Major Gauteng hospitals such as Steve Biko and Charlotte Maxeke academic hospitals are struggling to cope with the patient loads, leaving some waiting months for treatment. When these patients do reach the front of the queue, their care is compromised due to regular equipment breakdowns, and shortages of drugs and staff, according to Jack Bloom, Democratic Alliance spokesperson for health in Gauteng.
Patient groups are now calling for ring-fenced funding for cancer treatment as at least one group says it is considering legal action.
“We believe that South Africa needs a national budget for oncology that will ensure that the resources in our country are effectively utilised to serve the patient population who desperately need cancer treatment desperately,” said Linda Greeff from the cancer organisation People Living With Cancer.
Another group, Campaigning for Cancer, said that they have been advocating improved cancer treatment in Gauteng for months and are considering legal action against the provincial Department of Health.
“Every day, Campaigning for Cancer is faced with patients whose lives are endangered due to chronic delays in them receiving access to appropriate cancer treatment,” said the campaign’s Lauren Pretorius.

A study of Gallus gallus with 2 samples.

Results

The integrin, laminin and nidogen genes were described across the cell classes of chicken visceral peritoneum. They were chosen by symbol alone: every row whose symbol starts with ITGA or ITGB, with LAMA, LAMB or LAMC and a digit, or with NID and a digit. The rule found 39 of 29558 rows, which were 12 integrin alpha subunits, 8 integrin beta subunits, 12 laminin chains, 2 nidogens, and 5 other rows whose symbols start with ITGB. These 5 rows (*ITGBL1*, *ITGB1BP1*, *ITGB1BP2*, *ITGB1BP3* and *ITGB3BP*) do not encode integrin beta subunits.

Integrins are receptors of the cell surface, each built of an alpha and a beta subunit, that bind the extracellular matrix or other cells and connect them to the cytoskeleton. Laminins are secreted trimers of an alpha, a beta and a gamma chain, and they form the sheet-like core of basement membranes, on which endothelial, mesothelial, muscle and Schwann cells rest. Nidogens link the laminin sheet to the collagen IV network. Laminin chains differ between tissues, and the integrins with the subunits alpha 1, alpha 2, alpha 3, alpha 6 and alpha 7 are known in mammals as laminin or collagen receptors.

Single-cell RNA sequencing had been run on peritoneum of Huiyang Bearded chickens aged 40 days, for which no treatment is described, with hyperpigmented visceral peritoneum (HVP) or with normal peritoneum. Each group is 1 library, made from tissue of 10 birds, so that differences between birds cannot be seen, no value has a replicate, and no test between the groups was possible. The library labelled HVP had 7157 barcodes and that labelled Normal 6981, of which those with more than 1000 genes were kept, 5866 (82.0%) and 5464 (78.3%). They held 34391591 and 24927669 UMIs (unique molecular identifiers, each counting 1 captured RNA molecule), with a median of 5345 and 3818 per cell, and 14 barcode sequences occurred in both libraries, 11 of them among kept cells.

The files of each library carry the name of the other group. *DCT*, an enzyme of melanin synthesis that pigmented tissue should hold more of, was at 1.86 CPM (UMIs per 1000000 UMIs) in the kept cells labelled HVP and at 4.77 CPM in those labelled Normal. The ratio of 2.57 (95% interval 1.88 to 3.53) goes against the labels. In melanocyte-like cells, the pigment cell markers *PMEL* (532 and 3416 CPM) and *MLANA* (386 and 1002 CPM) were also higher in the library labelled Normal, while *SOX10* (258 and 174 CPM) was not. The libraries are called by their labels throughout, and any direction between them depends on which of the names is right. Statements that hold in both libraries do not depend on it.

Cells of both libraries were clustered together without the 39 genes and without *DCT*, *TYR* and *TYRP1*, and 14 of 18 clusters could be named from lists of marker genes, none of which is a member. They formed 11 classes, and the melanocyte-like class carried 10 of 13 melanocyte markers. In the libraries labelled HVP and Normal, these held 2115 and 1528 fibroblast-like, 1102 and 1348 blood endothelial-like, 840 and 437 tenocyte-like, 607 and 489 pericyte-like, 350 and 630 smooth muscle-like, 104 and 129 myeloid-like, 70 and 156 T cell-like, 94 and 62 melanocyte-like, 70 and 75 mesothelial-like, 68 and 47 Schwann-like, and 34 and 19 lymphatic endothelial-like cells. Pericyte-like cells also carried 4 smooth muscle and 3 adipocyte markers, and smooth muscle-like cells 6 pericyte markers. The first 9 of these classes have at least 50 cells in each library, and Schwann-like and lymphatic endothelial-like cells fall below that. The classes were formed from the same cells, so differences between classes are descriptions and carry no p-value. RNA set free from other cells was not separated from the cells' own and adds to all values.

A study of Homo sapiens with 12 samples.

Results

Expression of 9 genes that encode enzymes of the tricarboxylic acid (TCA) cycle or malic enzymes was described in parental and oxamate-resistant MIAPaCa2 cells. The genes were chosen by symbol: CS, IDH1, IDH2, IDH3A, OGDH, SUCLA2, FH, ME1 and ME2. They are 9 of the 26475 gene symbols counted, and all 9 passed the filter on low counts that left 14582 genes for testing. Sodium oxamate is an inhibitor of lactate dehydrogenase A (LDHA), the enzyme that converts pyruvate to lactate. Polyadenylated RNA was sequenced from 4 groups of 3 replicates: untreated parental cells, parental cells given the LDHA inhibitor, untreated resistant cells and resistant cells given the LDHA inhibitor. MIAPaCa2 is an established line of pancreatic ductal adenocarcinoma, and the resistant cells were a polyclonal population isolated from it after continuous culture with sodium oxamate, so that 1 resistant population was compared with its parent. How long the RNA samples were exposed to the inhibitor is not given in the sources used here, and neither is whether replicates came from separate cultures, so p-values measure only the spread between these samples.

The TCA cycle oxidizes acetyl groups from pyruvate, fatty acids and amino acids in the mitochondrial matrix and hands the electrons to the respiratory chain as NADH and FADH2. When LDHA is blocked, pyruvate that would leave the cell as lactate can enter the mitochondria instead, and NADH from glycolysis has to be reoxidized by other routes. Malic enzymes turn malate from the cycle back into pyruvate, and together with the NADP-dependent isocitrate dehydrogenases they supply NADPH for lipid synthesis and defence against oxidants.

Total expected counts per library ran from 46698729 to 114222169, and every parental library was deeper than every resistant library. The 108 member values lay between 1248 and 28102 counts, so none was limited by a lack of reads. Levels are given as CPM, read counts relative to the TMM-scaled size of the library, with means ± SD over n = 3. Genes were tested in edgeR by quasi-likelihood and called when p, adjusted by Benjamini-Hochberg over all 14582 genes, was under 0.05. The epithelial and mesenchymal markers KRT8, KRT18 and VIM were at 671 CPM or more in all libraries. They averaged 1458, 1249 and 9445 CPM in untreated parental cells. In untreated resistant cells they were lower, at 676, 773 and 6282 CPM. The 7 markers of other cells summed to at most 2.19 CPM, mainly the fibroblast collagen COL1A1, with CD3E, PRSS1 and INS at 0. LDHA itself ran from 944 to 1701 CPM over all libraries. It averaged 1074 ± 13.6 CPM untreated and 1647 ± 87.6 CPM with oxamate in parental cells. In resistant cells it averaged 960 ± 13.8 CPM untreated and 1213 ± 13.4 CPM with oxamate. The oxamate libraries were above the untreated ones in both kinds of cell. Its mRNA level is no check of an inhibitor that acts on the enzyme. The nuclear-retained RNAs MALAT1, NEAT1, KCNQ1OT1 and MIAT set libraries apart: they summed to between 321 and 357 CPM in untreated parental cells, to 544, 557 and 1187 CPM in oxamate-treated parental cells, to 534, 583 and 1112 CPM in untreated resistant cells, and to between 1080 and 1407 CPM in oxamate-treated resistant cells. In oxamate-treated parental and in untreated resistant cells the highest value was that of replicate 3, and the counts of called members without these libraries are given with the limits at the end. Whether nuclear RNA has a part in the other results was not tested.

“Over the past eighteen months we have repeatedly requested the MEC to resolve the problems causing delays and have given the provincial department ample opportunity to resolve these problems,” she said. “It appears as if court action may now be inevitable in order properly to advance the constitutional rights of access to health care of patients.”
Hospitals struggling to cope with demand
At Steve Biko Academic Hospital, as many as 300 cancer patients are on a waiting list for treatment dating back to 2012. Exacerbating the backlog, the hospital receives about 40 new referrals weekly not only from Gauteng patients but also patients referred from the Limpopo, North West, Mpumalanga and Free State provinces, according to answers provided to the Gauteng Provincial Legislature by MEC for Health Hope Popo.
Meanwhile, cancer patients at Charlotte Maxeke Johannesburg Academic Hospital wait up to two months for radiation treatment.
The hospitals also suffer regular machine breakdowns.
Popo confirmed that Steve Biko hospital had gone without two pieces of equipment, linear accelerators and computed tomography (CT) scanners, necessary to treatment and diagnose cancers for 93 days.
Linear accelerators are used to provide radiation treatment while CT scanners help doctors diagnose tumours, monitor treatment and confirm that cancers have gone into remission.
At Charlotte Maxeke hospital, three linear accelerators packed up in February and an internal radiotherapy machine – used to deliver radiation treatments for certain kinds of cancers including cervical cancer – broke down in January. Most recently, two cobalt accelerators, also used to provide radiation treatment, broke in June.
“Many patients’ chances of survival are reduced because of the long waiting times and faulty machinery,” said Bloom, who added that the hospital was also in need of 44 radiation therapists.
There are currently 164 posts needed within Steve Biko hospital’s cancer department, he told Health-e.